Air Vice Marshal Augustus Henry Orlebar CBE AFC & Bar (17 February 1897 – 4 August 1943) was a British Army and Royal Air Force officer who served in both world wars.
After being wounded during the Gallipoli campaign he was seconded to the Royal Flying Corps and subsequently the Royal Air Force. He formally transferred to the RAF after the First World War, and between the wars was involved in high speed flying, commanding the High Speed Flight RAF, competing in the Schneider Trophy, and holding the world air speed record.
By the outbreak of the Second World War he was in command of RAF Northolt. He briefly became Director of Flying Training in 1940 before going to HQ RAF Fighter Command. In July 1941 he became Air Officer Commanding, No. 10 (Fighter) Group, and in March 1943 Deputy Chief of Combined Operations. He fell ill, and died in hospital on 4 August 1943.
He was the son of Augustus Scobell Orlebar and Hester Mary Orlebar, of Podington, Bedfordshire. The Orlebars were an old established family, having built Hinwick House almost 200 years earlier, after holding the manor since the mid-17th century. He was educated at Rugby School.
He was commissioned as a second lieutenant in 1/5th Battalion, Bedfordshire Regiment (Territorial Force) on 15 January 1915. His battalion landed at Suvla Bay on 11 August 1915, pitching him into the Gallipoli campaign, He was promoted to temporary lieutenant on 21 September 1915, but was subsequently wounded in action by a sniper's bullet. He was then invalided to the United Kingdom and seconded to the Royal Flying Corps (RFC) on recovery.
He trained as a pilot in 1916 and was appointed a flying officer in the military wing of the RFC on 17 September 1916 when he was formally seconded from his regimental duties to the RFC. His rank of lieutenant was confirmed on 21 October. He was posted to No. 19 Squadron RFC on the Western Front. On 13 March 1918 he shot down and severely wounded Ltn. Lothar von Richthofen (brother of Manfred von Richthofen), near Cambrai. He was wounded in turn himself by Albatros scouts over Ham on 23 March 1918. Before his return to combat, he also served as an instructor in Essex.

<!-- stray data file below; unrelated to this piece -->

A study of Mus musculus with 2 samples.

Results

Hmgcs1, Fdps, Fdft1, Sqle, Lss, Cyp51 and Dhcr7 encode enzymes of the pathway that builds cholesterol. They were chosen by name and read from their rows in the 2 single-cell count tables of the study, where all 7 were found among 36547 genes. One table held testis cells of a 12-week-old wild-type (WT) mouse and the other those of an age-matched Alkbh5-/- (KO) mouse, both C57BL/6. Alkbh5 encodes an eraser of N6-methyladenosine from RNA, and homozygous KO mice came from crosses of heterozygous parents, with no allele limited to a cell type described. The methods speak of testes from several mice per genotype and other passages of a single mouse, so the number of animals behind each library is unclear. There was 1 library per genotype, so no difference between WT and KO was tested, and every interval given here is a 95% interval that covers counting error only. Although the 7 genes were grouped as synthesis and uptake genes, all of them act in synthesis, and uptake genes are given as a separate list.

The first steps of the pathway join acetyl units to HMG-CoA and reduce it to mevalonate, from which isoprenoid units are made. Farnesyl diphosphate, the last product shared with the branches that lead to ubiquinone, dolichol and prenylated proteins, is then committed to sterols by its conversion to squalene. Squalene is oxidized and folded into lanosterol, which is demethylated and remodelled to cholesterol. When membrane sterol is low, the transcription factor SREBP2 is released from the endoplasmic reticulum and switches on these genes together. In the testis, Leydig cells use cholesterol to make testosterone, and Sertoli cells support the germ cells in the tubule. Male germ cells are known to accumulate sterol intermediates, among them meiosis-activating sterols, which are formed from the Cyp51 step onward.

He was credited with two enemy aircraft destroyed whilst serving with No 19 and a further four as a flight commander in No 73 Squadron, before being wounded. He gained his final victory with No. 43 Squadron on 29 September, bringing his total to seven.
He served as a test pilot at the Aeroplane and Armament Experimental Establishment (A&AEE), Martlesham Heath, between 1919 and 1925, being awarded the Air Force Cross in 1921 and the bar in 1929.
He was Officer Commanding and pilot with the High Speed Flight, the RAF's team for the Schneider Trophy seaplane races of 1927-1931. Britain, having won the 1927 race, became the subsequent host for the contests, which were based at RAF Calshot on the eastern entrance to Southampton Water.
In 1929 he set an air speed record of 357.7 mph in Supermarine S.6 N247.
The final contest was held in 1931, for a 3rd win gave the title to Britain in perpetuity. His report on the contest describes Flt.Lt Stainforth's achievement of a new speed record at over 400 mph.
At the outbreak of the Second World War he was the Director of Flying Training before joining the Air Staff, HQ Fighter Command in October 1940. On 22 July 1941 he became AOC of No. 10 Group then the position of Deputy Chief of Combined Operations, at RAF Northolt from 2 March 1943. He died in hospital from natural causes after a short illness and is buried at his family church of Saint Mary's, Podington, Bedfordshire. He is commemorated on the War Memorial of the Church.
AFC - 2 Jan 1922, bar - 3 Jun 1930, MiD - 24 Sep 1941.